Extending replication instrumentation: account for memory used in XCom

Version 8.0.12 added many great new features to MySQL. One of the new features included is the memory instrumentation of the XCom cache, which allows users to view and monitor the memory utilization of the cache by querying Performance Schema (PS). This blog post will tell you all about this latest addition.

The XCom Cache

The XCom cache is the message cache used by the Group Communication System (GCS) of GR to hold the messages exchanged between GR nodes as part of the consensus protocol. It is the single most important consumer of memory in the GCS system as a whole and it is one of its most essential components. It takes its name from the eXtended Communications (XCom) submodule of GCS that is in charge of running the consensus protocol. If you would like to know more about these components and the consensus protocol, take a look at the many great blog posts (this one is a good entry point).

Currently, the cache is composed of 50k slots and the maximum size of the cache is approximately 1GB. This means that the cache can store up to 50k messages or close to 1GB before it has to start deleting any data; when either the space limit or the slots limit is reached (one of which will, inevitably, happen), the cache will remove some of the old entries to make space for new ones. Which of the limits is reached first depends on the  workload of the system, specifically on the average message/transaction size: in a system with small messages the slot limit will be reached first; in an environment with large transactions, the size limit will be reached first.

Monitoring the cache

Let’s now see the new feature in action. Information about the memory usage of the XCom cache is shown in the memory_summary_global_by_event_name  table of PS under key GCS_XCom::xcom_cache.  Here is an example of what this table contains immediately after starting GR:

One interesting aspect of the instrumentation of the XCom cache is that each allocation corresponds to a cached entry, meaning that there is a one-one correspondence between allocations/deallocations and cached/removed messages. The columns of the memory_summary_global_by_event_name  table, thus, contain the following information:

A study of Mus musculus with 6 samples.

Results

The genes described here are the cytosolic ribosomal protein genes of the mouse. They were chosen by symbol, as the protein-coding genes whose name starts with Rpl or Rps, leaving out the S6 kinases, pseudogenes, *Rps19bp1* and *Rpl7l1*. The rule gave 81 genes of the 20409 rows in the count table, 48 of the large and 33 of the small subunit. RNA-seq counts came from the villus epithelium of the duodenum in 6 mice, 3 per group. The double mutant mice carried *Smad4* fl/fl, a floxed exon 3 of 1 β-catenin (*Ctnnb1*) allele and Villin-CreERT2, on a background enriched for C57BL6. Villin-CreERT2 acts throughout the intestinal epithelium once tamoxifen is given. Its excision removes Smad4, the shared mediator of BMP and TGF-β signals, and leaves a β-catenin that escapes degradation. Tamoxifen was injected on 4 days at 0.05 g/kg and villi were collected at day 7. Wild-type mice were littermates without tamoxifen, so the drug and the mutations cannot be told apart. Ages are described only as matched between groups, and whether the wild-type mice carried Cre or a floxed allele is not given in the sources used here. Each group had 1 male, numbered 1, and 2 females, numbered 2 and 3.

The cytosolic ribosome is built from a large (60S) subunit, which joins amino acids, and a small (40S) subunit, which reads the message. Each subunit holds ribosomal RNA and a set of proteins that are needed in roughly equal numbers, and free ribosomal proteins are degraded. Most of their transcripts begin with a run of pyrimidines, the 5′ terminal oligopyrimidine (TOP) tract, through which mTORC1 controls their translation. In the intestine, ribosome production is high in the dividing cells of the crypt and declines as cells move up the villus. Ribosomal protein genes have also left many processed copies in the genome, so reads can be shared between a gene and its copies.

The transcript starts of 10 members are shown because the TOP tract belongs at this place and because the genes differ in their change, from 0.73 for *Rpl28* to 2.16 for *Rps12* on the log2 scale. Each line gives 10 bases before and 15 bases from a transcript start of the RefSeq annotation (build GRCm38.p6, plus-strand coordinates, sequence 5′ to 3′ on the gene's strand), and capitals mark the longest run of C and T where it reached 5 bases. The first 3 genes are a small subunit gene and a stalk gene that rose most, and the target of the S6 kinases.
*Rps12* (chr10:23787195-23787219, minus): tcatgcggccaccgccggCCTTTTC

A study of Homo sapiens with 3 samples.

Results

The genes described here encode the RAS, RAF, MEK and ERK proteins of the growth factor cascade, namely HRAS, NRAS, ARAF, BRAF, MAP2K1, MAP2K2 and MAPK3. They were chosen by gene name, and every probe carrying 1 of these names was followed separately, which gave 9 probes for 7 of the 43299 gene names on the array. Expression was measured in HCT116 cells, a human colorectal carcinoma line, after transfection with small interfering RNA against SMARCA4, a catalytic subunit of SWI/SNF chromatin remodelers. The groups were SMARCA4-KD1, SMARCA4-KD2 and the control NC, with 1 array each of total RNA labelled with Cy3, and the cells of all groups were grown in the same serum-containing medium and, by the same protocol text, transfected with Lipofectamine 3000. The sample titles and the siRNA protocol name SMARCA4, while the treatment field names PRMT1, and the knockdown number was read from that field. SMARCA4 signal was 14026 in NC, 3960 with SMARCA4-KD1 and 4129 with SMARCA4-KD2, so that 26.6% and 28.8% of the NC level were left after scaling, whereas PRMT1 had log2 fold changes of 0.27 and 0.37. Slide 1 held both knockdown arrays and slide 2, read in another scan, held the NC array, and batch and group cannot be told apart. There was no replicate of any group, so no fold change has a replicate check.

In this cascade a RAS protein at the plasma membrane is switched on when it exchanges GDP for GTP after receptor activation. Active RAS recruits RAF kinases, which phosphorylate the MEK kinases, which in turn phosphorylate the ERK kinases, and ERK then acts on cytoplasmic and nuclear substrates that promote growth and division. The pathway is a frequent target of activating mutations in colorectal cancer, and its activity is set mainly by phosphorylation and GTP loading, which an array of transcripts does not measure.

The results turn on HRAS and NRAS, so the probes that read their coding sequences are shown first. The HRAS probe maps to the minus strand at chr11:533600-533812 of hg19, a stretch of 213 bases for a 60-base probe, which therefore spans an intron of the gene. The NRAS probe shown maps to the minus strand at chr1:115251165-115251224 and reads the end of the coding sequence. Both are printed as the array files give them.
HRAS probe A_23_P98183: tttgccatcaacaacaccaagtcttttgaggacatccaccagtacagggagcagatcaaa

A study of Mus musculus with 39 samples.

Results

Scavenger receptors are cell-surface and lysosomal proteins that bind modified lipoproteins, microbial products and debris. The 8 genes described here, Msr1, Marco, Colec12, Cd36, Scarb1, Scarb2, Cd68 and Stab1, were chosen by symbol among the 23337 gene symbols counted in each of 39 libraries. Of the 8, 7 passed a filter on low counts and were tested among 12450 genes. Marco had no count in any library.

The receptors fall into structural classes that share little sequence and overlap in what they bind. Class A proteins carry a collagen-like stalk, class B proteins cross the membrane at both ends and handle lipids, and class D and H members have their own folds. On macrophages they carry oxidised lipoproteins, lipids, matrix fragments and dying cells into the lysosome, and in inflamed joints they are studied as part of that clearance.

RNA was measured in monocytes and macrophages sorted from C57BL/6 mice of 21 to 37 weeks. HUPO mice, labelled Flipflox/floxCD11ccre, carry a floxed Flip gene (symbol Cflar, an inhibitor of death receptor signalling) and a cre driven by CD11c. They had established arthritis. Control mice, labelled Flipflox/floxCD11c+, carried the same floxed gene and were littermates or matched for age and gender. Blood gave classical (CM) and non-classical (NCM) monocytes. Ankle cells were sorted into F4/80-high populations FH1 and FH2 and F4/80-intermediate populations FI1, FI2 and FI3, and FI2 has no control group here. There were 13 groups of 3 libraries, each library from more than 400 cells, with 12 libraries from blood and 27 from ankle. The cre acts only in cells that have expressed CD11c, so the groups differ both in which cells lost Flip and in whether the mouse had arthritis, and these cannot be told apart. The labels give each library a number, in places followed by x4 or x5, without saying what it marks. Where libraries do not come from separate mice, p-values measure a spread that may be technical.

• COUNT_ALLOC, COUNT_FREE: Aggregated number of allocations and deallocation, which correspond, respectively, to the aggregated number of messages cached and removed from the cache.
  • SUM_NUMBER_OF_BYTES_ALLOC, SUM_NUMBER_OF_BYTES_FREE: Aggregated sizes of allocated and deallocated memory blocks. These correspond to the aggregated sizes of cached and removed messages, respectively.
  • CURRENT_COUNT_USED: Aggregated number of currently allocated blocks that have not been freed yet; its value is equal to COUNT_ALLOC COUNT_FREE , which corresponds to the number of currently cached entries.
  • CURRENT_NUMBER_OF_BYTES_USED: Aggregated size of currently allocated memory blocks that have not been freed yet; its value is equal to SUM_NUMBER_OF_BYTES_ALLOC SUM_NUMBER_OF_BYTES_FREE , which corresponds to the aggregated size of all the currently cached messages.
  • HIGH_COUNT_USED, HIGH_NUMBER_OF_BYTES_USED: The highest values seen in the CURRENT_COUNT_USED and CURRENT_NUMBER_OF_BYTES_USED columns, respectively.
  • LOW_COUNT_USED, LOW_NUMBER_OF_BYTES_USED: The lowest values seen in the CURRENT_COUNT_USED and CURRENT_NUMBER_OF_BYTES_USED columns, respectively. These columns will always have 0 as its value.

By definition, the cache will simply continue to allocate data as long as it has free space and free slots available. For example, after leaving the server running for several minutes under a low load environment, we have the following output, which shows that none of the limits have been reached and, thus, no message has been removed:

Here is an example of the output that can be seen after the slots limit has been reached:

Note that from this moment on, the CURRENT_COUNT_USED column will remain at 49999 or 50000 (depending on the timing of the query to PS), because the cache will need to remove an older entry every time something new needs to be cached.

Conclusion

Since MySQL 8.0.12, users can monitor the memory consumption of the XCom cache through queries to MySQL’s performance schema. Make sure to try this new feature and let us know about any feedback you have!